Posted by: New in Every Way | March 13, 2013

The Pretender

I can hardly believe it! Yesterday, my thermometer read 70 degrees. This morning, the temperature was back in the 40’s, but I heard the birds singing before dawn. I asked someone if spring typically begins in March in Kentucky and he said it does, pretty much. What a great place to live! About three months of nippy air and snowflakes, snuggly sweaters and hot cocoa–then spring again! All of which makes it easier for me to believe that Easter is right around the corner.

This week I’m continuing the Easter theme  by sharing another of my father’s essays about the events of Passion Week. It is taken from the devotional book we co-authored.

Hypocrite_two-faced The Tragedy of Religious Pretense

Read John 13:21-30

After the joyous conclusion of Jesus’ last Passover with his disciples in the Upper Room, he led them out to Gethsemane. There he suffered through the greatest struggle of his earthly life as he pleaded with his Father for strength to endure the torture of the Cross. When the struggle was over, he rejoined his disciples to prepare them for what was about to happen.

While he was still speaking, a crowd came up. The man who was called Judas, one of the Twelve, was leading them. He approached Jesus to kiss him, but Jesus asked him, “Judas, are you betraying the Son of Man with a kiss?”  (Luke 22:47-48).

Would you name your son Judas? Why not? He was one of the Twelve Apostles like James and John.  I am sure he was a sincere follower of Christ when he left all to follow him. But somewhere along the way he drifted from his original commitment. He became dishonest in his business dealings and openly criticized Mary for expressing her devotion to Christ by anointing him with expensive perfume. At last he betrayed Jesus to his enemies.

We don’t know why he betrayed his Lord. Some people feel that he thought he could make a mockery of the haughty scribes and Pharisees. He could point Jesus out to them, but Jesus could walk through their ranks and escape as he had done at Nazareth when the townspeople tried to throw him over a cliff.

Perhaps he wanted to earn some money to replenish the treasury. He had said that Mary should have sold the expensive perfume so they would have money for the poor.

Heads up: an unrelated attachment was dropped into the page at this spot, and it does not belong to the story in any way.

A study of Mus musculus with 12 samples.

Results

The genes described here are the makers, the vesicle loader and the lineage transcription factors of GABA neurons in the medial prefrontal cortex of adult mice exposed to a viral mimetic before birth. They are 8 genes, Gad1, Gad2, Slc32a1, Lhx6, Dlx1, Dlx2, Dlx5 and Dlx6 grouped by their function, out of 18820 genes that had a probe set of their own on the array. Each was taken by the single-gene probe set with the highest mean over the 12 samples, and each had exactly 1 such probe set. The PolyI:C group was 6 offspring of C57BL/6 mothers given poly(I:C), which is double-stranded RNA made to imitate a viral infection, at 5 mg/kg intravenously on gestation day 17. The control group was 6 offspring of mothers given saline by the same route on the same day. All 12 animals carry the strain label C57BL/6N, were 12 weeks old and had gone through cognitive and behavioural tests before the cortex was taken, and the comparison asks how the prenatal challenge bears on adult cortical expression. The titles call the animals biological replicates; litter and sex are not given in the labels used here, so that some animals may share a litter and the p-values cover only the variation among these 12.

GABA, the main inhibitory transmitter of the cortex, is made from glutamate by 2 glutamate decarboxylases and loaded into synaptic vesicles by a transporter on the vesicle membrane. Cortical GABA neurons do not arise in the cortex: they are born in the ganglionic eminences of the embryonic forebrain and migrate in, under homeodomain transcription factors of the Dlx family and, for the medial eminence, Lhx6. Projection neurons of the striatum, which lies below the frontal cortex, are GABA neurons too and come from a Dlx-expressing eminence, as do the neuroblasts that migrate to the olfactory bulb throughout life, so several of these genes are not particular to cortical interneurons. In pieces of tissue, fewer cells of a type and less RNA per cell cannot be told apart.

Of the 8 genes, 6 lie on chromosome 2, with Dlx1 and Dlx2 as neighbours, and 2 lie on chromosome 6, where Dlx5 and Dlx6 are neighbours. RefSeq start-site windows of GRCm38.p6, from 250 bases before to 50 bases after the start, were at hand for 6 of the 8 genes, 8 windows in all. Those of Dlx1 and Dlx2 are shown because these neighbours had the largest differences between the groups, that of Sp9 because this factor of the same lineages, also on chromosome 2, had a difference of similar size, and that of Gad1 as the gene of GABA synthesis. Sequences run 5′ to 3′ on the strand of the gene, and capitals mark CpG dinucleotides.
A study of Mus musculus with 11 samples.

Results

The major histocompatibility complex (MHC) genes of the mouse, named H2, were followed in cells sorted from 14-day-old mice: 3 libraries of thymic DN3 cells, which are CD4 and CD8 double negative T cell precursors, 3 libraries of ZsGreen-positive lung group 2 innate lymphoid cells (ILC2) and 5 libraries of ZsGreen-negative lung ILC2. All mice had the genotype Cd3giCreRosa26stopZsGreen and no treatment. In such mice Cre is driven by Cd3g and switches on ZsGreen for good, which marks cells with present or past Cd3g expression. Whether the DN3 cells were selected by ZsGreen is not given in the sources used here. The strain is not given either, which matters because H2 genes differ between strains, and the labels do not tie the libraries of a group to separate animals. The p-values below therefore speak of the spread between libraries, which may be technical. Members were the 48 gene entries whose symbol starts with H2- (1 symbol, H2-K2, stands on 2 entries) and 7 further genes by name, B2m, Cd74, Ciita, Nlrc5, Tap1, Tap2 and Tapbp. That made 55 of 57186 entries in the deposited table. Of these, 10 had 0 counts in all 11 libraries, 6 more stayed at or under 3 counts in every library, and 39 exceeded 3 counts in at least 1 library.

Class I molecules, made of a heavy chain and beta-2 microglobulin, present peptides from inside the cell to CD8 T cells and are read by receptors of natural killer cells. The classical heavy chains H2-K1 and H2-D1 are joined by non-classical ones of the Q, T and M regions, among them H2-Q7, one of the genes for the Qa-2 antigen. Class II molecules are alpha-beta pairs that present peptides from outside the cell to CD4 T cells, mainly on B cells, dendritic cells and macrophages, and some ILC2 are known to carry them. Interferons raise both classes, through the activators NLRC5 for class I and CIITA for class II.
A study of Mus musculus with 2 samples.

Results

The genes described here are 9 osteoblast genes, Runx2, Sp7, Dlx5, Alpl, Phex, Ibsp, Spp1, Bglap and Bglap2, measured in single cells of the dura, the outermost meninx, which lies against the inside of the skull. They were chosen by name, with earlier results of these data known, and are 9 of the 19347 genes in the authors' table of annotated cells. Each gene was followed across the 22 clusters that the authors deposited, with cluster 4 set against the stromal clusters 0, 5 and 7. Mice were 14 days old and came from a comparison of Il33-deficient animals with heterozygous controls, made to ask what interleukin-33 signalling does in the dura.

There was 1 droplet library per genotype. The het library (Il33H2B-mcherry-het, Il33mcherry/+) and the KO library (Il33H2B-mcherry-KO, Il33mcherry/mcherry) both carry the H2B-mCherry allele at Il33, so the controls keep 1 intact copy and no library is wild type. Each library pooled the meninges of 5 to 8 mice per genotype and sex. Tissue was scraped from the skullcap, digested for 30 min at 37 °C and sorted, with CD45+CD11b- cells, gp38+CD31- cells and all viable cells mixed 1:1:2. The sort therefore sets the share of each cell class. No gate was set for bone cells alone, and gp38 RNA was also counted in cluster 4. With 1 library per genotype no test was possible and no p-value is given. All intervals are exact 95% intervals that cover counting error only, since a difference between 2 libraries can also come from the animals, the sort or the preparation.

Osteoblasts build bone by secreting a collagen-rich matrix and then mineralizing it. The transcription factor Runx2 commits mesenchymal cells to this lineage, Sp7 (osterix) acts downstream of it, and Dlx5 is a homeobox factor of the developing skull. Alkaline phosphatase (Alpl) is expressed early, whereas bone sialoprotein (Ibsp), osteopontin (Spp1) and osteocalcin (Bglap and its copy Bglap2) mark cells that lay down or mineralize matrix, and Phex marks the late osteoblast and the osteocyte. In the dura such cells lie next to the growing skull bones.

It seems likely that he was trying to force Jesus to declare himself king and drive out the Romans. His hopes had been high when Jesus made his Triumphal Entry into Jerusalem, but nearly a week had gone by with no further action. He could confront Jesus with the soldiers and force him to act now.

Whatever his motive, it was the way he went about it that has forever condemned him in our sight. He pretended to be Jesus’ close friend and follower to the end. He shouted “Hosanna” at the Triumphal Entry. He attended the banquet at the house of Simon the Leper. He was present at the Passover feast in the Upper Room until Jesus dismissed him. He pointed Jesus out to the soldiers by crying “Hail Master” and kissing him!

In Judas we see the tragedy of religious pretense. Let us carefully examine our own lives to be sure we are not betraying our Lord by deceit, unkind acts, or spiritual apathy, while pretending to be his devoted followers.            – F. Burleigh Willard, Sr.

9781425978358_cover.inddFrom Streams of Living Water: A Daily Guide to Devotional Meditation on God’s Word  by F. Burleigh Willard Sr. and Celia Willard Milslagle.



    • If it makes you feel any better, the last two days have been . . . wintry. Back down to the 30’s. I asked my hairdresser about this and she said, “You never know about Kentucky weather.” Isn’t that what we always said about Illinois weather? But I just stepped out on my balcony and it felt pretty warm again.

  2. It’s good to hear Burleigh’s words still speaking today. I can almost see him sitting in his lazyboy nodding his approval. He was a wise man.